02:36 PM, 24 Feb 2017 (AUS EST)   The market is currently open       

Day Trading Rules Part 2

The first part of this two-part series discussed our first simply day-trading rule: only initiate a long position when the current bar rises above the previous bar. Keep in mind that this is a trading trigger – it is independent of our bias as to whether the stock is expected to go up or down. This is a focused and narrow time-frame rule to be used on a 5 minute chart. But what is our second basic entry rule when shorting a stock? It is the exact opposite of our previous rule.

Basic Short Entry Rule #2: Only enter a short position when the bar you want to trade goes lower than the previous bar. Look at the previous two charts to see all the wonderful entries you could have had by following this one simple rule. There are 6 to 7 profitable entries on each chart even if this was the only rule you used to enter trades. Of course, you need to know when to get out of a position – or when to exit - and that will be discussed in a later article.

The chart below is Ford and each candle represent 5 minutes of trading. For this exercise we do not yet have a long or short bias. It can trade in either direction. As soon as the bar goes above the high of the previous bar – pretend that you bought or entered into a long position. If the bar dips below the lowest point of the previous candle – imagine you enter a short position. You are concentrating on two bars at a time when deciding to use this trigger or not. In this example you will only hold for the duration of that one bar (or you exit at the top of the solid part or the white bar or the bottom of the candle body of the black bar – but not the wicks since these are not closing prices).

Basic Short Entry Rule #2

How many trades could you have broke-even or made money on by following that rule? You should have about 12 or so trades where you could have made money and about three or four where you did not. This one simple rule puts the statistical odds in your favor of being profitable. For instance, imagine you were trading Ford with 1,000 shares and your goal was to take two pennies profit with a stop-loss at two pennies. You should have grossed a profit of $140 (figures may vary somewhat).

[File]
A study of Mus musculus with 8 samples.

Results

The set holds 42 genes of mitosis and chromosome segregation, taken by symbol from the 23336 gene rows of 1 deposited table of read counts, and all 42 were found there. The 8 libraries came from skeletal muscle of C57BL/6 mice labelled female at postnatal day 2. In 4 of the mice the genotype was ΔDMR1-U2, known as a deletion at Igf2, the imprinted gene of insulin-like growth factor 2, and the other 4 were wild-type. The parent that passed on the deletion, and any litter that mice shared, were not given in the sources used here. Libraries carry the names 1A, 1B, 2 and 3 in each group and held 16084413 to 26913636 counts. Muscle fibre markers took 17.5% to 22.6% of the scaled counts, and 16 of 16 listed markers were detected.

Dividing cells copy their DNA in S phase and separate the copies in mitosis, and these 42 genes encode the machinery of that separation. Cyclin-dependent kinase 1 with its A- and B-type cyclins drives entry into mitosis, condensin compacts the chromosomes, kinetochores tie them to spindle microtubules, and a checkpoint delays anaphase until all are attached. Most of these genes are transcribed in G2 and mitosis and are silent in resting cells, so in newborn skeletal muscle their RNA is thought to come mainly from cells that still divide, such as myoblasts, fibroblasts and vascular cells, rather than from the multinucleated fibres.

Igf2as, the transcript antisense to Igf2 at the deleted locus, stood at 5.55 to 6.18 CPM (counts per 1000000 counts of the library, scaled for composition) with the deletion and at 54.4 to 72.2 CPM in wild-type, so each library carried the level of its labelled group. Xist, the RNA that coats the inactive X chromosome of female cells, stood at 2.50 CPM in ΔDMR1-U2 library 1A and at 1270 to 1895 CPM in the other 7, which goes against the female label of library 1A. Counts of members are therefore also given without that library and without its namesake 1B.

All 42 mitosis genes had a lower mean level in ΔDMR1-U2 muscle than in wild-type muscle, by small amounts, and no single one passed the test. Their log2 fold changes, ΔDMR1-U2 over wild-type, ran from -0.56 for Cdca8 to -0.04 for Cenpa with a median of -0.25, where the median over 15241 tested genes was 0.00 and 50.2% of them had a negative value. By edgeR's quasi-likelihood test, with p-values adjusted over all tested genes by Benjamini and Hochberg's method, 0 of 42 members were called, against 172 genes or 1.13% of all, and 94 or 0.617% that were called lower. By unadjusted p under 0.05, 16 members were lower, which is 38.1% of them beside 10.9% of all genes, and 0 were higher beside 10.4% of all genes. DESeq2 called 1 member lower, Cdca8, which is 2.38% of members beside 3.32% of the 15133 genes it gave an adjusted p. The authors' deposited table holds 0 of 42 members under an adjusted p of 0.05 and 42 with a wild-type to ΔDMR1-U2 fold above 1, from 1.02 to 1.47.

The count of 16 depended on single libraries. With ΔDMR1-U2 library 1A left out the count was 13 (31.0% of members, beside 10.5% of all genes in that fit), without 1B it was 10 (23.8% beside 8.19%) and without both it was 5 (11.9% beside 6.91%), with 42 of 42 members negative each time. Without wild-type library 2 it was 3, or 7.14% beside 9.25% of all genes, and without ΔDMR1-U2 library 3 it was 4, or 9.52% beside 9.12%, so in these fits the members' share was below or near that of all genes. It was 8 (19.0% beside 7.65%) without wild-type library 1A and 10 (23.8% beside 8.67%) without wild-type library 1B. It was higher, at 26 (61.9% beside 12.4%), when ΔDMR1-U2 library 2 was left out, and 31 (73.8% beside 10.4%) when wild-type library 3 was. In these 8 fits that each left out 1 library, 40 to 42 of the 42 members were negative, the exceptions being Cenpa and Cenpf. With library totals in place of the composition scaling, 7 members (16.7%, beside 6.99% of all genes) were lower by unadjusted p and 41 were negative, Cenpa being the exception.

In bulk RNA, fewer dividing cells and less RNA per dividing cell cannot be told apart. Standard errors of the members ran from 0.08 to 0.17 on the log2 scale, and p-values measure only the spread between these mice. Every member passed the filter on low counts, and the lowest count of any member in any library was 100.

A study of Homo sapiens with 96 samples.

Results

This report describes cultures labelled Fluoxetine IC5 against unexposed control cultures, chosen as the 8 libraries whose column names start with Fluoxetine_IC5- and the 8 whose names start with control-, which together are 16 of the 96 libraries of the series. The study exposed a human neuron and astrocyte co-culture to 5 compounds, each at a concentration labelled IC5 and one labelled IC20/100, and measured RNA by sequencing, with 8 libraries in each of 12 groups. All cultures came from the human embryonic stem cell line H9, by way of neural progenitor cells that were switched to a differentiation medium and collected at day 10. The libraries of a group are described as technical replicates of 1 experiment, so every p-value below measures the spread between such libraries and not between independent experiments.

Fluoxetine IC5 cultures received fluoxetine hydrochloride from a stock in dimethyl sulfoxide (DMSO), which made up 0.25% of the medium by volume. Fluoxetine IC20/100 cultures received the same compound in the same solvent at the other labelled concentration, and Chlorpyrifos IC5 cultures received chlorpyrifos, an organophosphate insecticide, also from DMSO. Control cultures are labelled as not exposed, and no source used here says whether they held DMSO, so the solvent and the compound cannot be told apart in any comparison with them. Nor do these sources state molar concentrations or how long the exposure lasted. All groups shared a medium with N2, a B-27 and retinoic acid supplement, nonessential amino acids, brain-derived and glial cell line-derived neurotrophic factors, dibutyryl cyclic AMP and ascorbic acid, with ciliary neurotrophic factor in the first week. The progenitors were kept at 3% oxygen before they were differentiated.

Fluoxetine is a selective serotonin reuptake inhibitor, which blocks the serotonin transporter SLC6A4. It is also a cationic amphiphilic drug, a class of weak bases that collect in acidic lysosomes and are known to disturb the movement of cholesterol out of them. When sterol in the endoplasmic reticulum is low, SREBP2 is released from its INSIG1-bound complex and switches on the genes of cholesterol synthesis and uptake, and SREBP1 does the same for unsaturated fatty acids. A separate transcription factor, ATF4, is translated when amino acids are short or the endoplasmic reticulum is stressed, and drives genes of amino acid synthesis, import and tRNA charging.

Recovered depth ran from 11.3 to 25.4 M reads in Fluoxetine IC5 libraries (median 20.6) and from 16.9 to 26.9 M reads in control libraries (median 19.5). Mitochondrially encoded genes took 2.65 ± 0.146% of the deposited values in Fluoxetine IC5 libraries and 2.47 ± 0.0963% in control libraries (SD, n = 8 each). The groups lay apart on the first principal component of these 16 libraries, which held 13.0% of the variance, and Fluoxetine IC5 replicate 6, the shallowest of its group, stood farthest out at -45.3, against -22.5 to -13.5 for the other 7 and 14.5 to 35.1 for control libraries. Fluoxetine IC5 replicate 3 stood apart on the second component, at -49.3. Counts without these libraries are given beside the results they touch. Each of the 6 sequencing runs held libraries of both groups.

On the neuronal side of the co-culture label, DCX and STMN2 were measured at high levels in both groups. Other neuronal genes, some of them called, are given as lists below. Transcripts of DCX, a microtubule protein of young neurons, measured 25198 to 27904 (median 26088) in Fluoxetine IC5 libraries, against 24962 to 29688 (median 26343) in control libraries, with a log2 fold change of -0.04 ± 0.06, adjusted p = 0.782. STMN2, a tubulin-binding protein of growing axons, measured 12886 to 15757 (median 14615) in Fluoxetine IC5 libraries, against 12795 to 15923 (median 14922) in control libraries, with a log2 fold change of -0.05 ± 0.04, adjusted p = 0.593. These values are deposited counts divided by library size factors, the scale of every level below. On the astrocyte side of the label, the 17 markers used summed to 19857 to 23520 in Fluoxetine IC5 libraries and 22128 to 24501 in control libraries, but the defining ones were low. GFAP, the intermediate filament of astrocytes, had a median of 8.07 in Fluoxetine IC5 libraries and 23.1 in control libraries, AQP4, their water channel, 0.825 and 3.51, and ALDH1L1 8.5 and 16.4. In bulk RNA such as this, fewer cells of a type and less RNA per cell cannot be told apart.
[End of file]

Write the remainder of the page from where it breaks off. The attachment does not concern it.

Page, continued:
Again, don’t walk up to a stock and blindly trade the moment prices go above or below the previous bar. Consider this to be a ‘junior trader’ trigger but we still do not know whether we are biased long or short and we do not have an actual setup (or trading pattern).

Earnings can be a particularly exciting time to trade as prices become volatile and quick moving. Avis Budget Group reported earnings and it wasn’t well received. The chart below uses candles of 2 minutes each. Of course the most profitable move would be to short the stock during its morning drop, but for this example we will assume that we had a bias to buy. In general you should follow the trend, but the key here is to illustrate how these two rules will add a layer of protection even if you make the mistake of buying a falling stock (which should be avoided until you are proficient at trend-trading).

Basic Short Entry Rule #2

The chart below is merely a closeup of the first 14 bars of the above Avis chart. Notice how the stock falls and keeps bouncing lower. Let’s focus on the early part of the morning with our mistaken buying bias.

Basic Short Entry Rule #2

When is the first opportunity you would have to buy? Prices are as high as $13.54 and over the next 10 minutes they drop down to a low of $12.37. If you were trading 100 shares this would be a loss of $117. The first opportunity you have to buy is with the first white bar as it goes above the high of the previous bar. You would buy at $12.56 and the bar went as high as $12.87 or $31 profit on 100 shares.

As a new trader, you should only buy when a new high is formed and only short when a new low is formed when comparing it to the previous bar. This is true regardless of what time frame you are trading. Never try to guess ‘how low is low enough’ and buy when prices are falling making new lows. Looking back, the majority of bad entries came when I felt prices had fallen far enough coupled the compounding stupidity of averaging down – which is buying more and more shares while prices dropped. The adage is true that ‘the market can stay irrational longer than you can stay liquid’. ‘Never try to catch a falling knife’.

*Tip: The only time you should ignore this rule is if you show up late to the party. If one bar spikes from $10 to $11 you should not wait for the following bar to go above $11 to buy. The trade got away from you and the risk is now too high. It is better to avoid this two-bar rule when the first bar is extremely long.

This completes the two-part article series on simple trading triggers. To become a well-rounded trader you should first have a bias as to whether the stock is expected to rise or fall, and have exit strategies. You can read more on this in other articles at this site.